This month we are highlighting the excellent work of PGR students on our digital platforms. Many PGRs will be thinking about publishing their work, and we spoke to Laura Clancy whose 2020 paper ‘The corporate power of the British monarchy: Capital(ism), wealth and power in contemporary Britain’ was published in The Sociological Review and was based on a chapter of her thesis. She talks us through her experience and tips…
TSR: How did you go about the process of adapting a chapter of your PhD thesis to a standalone publication?
The most challenging aspect of adapting the PhD chapter to a journal article was trying to separate the article from the overall thesis, so it made sense as a standalone piece without all the context and theorising that happens in the thesis. This was quite a long process of editing the background and context down, so it became short introductory paragraphs. Thinking about them as separate entities did help with this – so not trying to answer all the questions of a thesis in one journal article, but positioning it as its own, separate (although connected) article. I also made use of citations to direct the reader towards other pieces of work that I’ve also published/will publish from the thesis, to help link it all together.
TSR: How did you identify which aspects of your thesis publish?
My external examiners recommended I publish this particular chapter, so that did help! But I also purposefully chose a chapter that a) made sense as a standalone piece, and b) introduced some of the key ideas I knew I would later be using in the monograph version of my thesis, so they link together. It is also the chapter where I unpack my key theoretical framework through the term ‘The Firm’, so publishing it on its own meant I could describe this term and my approach of cultural political economy.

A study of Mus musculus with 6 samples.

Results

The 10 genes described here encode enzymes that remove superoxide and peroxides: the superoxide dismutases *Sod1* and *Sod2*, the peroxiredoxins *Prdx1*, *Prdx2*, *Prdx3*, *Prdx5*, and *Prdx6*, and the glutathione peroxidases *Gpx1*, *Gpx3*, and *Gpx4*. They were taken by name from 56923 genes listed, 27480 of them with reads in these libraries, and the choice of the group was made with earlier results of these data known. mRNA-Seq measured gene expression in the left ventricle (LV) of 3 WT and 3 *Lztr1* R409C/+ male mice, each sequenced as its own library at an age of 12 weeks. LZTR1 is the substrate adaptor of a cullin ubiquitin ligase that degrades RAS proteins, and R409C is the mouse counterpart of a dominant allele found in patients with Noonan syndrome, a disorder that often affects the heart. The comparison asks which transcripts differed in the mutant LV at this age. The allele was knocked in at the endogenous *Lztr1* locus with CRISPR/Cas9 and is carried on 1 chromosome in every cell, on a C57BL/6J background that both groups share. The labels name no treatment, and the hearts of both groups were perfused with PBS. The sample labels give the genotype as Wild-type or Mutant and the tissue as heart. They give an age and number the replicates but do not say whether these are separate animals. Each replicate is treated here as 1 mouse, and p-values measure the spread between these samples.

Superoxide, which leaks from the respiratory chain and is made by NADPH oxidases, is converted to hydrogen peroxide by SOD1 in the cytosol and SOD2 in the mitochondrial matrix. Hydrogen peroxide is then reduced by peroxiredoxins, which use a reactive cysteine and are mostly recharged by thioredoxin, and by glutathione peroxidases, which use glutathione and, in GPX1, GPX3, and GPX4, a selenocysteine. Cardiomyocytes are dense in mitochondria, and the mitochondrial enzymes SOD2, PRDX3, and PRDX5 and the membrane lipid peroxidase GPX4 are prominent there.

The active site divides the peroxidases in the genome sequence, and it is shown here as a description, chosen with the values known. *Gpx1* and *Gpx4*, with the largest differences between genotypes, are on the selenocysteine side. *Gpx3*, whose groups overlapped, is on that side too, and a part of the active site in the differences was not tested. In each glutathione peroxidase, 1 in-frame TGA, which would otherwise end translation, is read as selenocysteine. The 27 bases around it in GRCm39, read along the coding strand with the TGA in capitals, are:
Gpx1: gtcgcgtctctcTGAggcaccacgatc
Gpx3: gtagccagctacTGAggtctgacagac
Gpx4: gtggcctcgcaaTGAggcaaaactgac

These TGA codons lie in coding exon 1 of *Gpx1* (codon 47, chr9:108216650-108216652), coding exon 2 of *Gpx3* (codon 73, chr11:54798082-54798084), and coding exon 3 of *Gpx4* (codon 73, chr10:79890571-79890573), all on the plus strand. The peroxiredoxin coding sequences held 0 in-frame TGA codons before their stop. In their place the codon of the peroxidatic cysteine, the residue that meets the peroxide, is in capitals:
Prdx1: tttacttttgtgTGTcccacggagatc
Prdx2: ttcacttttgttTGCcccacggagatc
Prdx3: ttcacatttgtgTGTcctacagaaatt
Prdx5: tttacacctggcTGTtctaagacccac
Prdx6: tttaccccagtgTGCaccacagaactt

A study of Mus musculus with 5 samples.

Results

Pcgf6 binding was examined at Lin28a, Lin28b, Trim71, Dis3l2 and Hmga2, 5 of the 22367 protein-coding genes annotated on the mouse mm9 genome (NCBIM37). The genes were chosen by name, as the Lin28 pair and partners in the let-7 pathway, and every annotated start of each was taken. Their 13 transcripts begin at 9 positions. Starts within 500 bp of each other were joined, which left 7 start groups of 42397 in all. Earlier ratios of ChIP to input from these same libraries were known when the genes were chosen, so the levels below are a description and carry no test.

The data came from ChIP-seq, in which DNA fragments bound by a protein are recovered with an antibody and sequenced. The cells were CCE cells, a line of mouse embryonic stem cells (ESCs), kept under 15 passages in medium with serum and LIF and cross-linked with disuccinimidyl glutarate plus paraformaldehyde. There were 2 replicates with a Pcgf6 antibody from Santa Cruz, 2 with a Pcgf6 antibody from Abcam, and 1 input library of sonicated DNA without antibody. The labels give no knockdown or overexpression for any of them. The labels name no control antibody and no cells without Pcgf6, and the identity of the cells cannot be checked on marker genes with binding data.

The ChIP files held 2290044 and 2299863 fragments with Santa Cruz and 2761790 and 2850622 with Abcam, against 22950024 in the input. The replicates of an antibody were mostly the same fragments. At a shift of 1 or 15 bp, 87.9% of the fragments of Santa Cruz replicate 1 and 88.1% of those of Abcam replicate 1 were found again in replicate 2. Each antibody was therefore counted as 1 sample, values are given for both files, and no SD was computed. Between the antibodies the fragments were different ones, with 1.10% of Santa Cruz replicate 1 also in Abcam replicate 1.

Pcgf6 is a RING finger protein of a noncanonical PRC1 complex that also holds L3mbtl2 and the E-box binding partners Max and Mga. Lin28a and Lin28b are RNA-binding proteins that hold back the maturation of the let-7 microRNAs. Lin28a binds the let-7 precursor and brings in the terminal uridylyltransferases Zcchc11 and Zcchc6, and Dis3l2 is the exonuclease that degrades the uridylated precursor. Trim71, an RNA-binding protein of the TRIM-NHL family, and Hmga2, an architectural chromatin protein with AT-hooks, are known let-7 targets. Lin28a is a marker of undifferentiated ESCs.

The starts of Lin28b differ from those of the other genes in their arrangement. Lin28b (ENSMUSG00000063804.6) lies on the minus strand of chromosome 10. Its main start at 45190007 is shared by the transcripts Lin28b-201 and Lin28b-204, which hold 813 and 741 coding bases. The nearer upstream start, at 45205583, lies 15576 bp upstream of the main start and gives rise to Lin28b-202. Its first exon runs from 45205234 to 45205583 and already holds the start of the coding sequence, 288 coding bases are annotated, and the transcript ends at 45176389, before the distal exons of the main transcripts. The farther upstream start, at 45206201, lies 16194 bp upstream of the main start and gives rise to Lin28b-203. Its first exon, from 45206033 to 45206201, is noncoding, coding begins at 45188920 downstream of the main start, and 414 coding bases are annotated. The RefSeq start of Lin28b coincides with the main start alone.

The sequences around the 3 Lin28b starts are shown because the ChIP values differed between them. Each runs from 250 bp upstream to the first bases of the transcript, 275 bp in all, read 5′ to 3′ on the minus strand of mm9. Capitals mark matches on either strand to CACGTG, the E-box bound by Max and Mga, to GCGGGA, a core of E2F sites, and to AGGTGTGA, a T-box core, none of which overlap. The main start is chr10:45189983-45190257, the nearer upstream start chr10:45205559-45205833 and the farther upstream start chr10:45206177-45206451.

TSR: How did you select a journal?
The Sociological Review is an important journal for sociology around the world, so it was always a top choice for me. I also like what the journal is doing around making sociological research accessible. From a research perspective, my work is somewhere between sociology and media and cultural studies. This particular thesis chapter is perhaps the most ‘sociological’, so it made sense to be published in a sociology journal. Others have made more sense in cultural studies journals, and even history. It helped to separate the chapters and think about their individual elements.
TSR: How did the editorial process differ from your experience writing up this research for your thesis?
I was lucky enough to get extremely helpful comments from my reviewers, which really helped with the revisions process. I think reviewer feedback is often more interpretative than feedback from a supervisor, for instance. Supervisors will often go through the feedback with you face-to-face, or give tracked comments on a draft, whereas journal reviewer feedback is more general and you can interpret what changes to make. I found copying the reviewer feedback into a separate document, and then splitting it down into individual points from which I could make changes, was helpful. Re-grouping the feedback so similar points are together is also good. It can be a bit overwhelming to just get a few pages of text, so finding a way to break it down and make it manageable is important.
TSR: Your article was very popular on Twitter. What benefits (or otherwise!) does social media bring an ECR?
I have found social media very useful – although it does of course have its downsides. I have made many connections on Twitter, including discovering potential publishers for my book. It is also a good place to chat with other ECRs in similar positions, and get advice or support. Asking for recommendations or advice usually gets you a range of responses! I have an open profile so people can find my work, but this does have its downsides in that anyone can find you and send unsolicited comments. Hannah Yelin and I have written about this. I have found changing my settings so I don’t get notifications from people I don’t follow to be helpful to mitigate some of this. Overall, I do think social media is good for ECRs – with some caveats!
TSR: What advice would you give to PGR or post-PGR students looking to publish their work, maybe for the first time?
I have been lucky in that all of my reviewer comments so far have been helpful and constructive, and it has helped to develop my work elsewhere too – my book has benefitted hugely from the advice of reviewers of journal articles. So getting those comments will really help elsewhere. Also, I think choosing your journal carefully and making sure your research is a good fit is important.
Laura’s paper is free to access this month, along with Bolaji Balogun’s ‘Race and racism in Poland: Theorising and contextualising ‘Polish-centrism’’ which was also based on PhD research.